That’s how long it’s taken me to feel like I have (maybe…) found my groove as a stay at home mom. Sixteen months of learning how to juggle an ever-changing schedule that works for a tiny human and myself. Sixteen months of finding the balance of staying home and curing cabin fever, of planning activities throughout the week to get out of the house, and knowing when we both needed to stay in pjs. And that is okay. I am blessed and thankful to be a stay at home mom. Extraordinarily blessed. Even when the days are long, when I am counting down the minutes to my husband walking through the door, or when my toddler has taken every single piece of Tupperware out of the cabinet for the umpteenth time and exhausted every ounce of patience I can muster up. I am thankful and grateful for this chapter in life. But that doesn’t mean that it is or has been easy.
I think so much of finding my groove as a SAHM has to do with separating the time and energy I am pouring into this tiny human with what I am doing for myself. Early motherhood feels like losing your identity. We pour so much of ourselves, literally and physically into creating, sustaining, and maintaining this little life, that once they’re here and functioning (mostly) on their own, we have to meet ourselves again. But now we’re different. You cannot go through something like that and expect to resume the same sense of normalcy you had before with your life or yourself. There’s no way.
I don’t pretend to have it all together. But I think there’s too big a part of Mom Culture these days that’s proudly screaming from the rooftops you haven’t washed your hair in a week. Surely I have gone more than 24 hours without showering and proudly display a can of Dove Dry Shampoo on my bathroom countertop, but why are we reveling in the fact that we are forgetting to care for ourselves? Why is this some sort of twisted victory? The term self-care feels so overdone, but that shouldn’t discredit just how important the concept is. You cannot pour from an empty cup.
The first few months (that feel like years) // Surviving
It is no secret, regardless of if you go back to work once your maternity leave is up or continue to stay at home, the first few months are about surviving. So much of those months are blurry; with fear, caution, over-thinking, adjusting. I remember after all the visitors were gone and my husband went back to work being left alone with a baby who just seemed to cry all the time. I had days, hours, moments, of back and forth feelings. One minute I was able to grab a shower as my content newborn babe swayed in her rocker on the bathroom floor. I was Rosie the Riveter, hand me that red bandana. The next, I was dejectedly texting my husband how many times she had spit up by 10am. I mourned the outrageous amount of clothing we had both gone through in an hour, and begged him to just come home to rescue me. I promise this, the newborn haze will clear. You’ll stop just surviving and start managing, flourishing even.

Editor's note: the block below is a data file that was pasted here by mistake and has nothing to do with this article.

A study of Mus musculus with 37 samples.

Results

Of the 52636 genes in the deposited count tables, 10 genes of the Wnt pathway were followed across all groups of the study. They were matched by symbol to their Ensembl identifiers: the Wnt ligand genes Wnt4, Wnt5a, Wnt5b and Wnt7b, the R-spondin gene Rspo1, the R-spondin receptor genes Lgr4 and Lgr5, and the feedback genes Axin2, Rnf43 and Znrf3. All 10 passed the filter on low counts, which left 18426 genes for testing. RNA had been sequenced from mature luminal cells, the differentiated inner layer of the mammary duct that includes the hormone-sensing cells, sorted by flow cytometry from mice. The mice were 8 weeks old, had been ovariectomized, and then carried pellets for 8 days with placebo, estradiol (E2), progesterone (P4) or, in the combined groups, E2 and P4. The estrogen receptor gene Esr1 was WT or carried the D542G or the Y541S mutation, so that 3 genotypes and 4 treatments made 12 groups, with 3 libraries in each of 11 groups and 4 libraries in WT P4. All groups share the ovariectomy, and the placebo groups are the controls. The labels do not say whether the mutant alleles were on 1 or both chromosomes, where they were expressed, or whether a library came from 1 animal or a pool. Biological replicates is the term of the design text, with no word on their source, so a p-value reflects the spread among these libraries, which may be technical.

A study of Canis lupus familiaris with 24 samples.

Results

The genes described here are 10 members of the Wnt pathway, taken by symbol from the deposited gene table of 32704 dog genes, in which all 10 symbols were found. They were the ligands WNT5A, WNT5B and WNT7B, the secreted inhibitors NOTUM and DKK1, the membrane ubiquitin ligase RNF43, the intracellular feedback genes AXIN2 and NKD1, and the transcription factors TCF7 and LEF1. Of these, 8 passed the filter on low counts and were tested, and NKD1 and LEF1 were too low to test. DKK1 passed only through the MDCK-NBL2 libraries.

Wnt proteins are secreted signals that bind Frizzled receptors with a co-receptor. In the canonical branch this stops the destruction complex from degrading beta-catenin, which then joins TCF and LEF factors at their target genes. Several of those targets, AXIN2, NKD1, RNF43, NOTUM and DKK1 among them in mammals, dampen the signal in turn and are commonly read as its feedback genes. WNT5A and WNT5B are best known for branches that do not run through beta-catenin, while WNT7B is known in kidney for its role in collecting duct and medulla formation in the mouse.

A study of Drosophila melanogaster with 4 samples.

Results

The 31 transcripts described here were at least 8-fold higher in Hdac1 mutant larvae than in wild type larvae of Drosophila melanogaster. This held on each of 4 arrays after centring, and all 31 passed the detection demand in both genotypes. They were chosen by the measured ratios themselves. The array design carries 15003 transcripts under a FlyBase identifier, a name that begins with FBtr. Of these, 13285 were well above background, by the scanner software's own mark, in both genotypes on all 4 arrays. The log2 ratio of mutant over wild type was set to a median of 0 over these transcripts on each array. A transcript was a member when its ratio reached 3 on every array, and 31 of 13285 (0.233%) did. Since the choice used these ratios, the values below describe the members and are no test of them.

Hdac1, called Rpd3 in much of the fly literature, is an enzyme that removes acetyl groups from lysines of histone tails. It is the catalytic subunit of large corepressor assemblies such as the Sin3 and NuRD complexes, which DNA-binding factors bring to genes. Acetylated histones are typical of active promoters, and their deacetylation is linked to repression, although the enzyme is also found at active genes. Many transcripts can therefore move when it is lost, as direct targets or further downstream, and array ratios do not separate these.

Out of the fog // Managing
After the clouds seemed to clear and we got more in a routine (just for it to change again, of course, but a routine nonetheless) we moved into the managing phase. She was about five months now and more alert. I went to friend’s houses and out shopping. I could grocery shop with the best of them with her strapped to my chest in the carrier. I was feeling like a functioning member of society again and hey, I even put on makeup. Things were less cloudy. I had found the sweet spot of when to clean the house and when to shower. I could even manage to make dinner while my sweet babe stared at me from where she sat on the floor in her swing. I remembered to feed myself (or rather barbarically stuff my face with whatever snack was nearby out of ravenous nursing hunger). I was managing. I was gaining confidence.
In the groove // Confidence
This is probably not what all you pregnant mamas want to read and absolutely is different for everyone…but it took about a year for me to truly feel confident. Of course day to day there were some exceptions, but around that time the days deemed ‘good’ were more common than the days that seemed to outweigh me. Confident, in that I didn’t need to jump straight to Google or the pediatrician for every single little thing (I still frequent Google). Confident that I could juggle a schedule for my babe and a routine for myself more days than not and we would both be semi-clean, fed, and relatively happy. Confident in that, instead of worrying if my baby was screaming because everything was wrong I could narrow it down to 2-4 things; hunger, teeth, or who knows, and that the frantic Save Me text to my husband came around 3pm or not at all, instead of 9am.
Flourishing // New Growth
At sixteen months I felt like I hit a period of sudden growth. Like I could allow my toddler to have some independence at home while I focused a little more on things I’d been neglecting, myself. I realized about this time that I needed to fill my cup, and not just my morning cold coffee I survive on. I was neglecting my body; I need endorphins from exercising to keep my brain happy, quite literally. I had been forgetting this fact for far too long. I need a steady routine which worked while I stayed at home but still worked with taking care of my body. I was neglecting healthy habits. I needed healthy food instead of whatever I could scrounge up in the pantry. I was neglecting growth, attainable growth while I was merely surviving and maintaining. In those moments, that was okay. Those chapters are okay, they are necessary. They had to be. But now I could start to flourish again. To prune back the old leaves that were brown and tired and wilted in order to make room for new and beautiful ones. I didn’t have to have it all figured out, but I was growing again.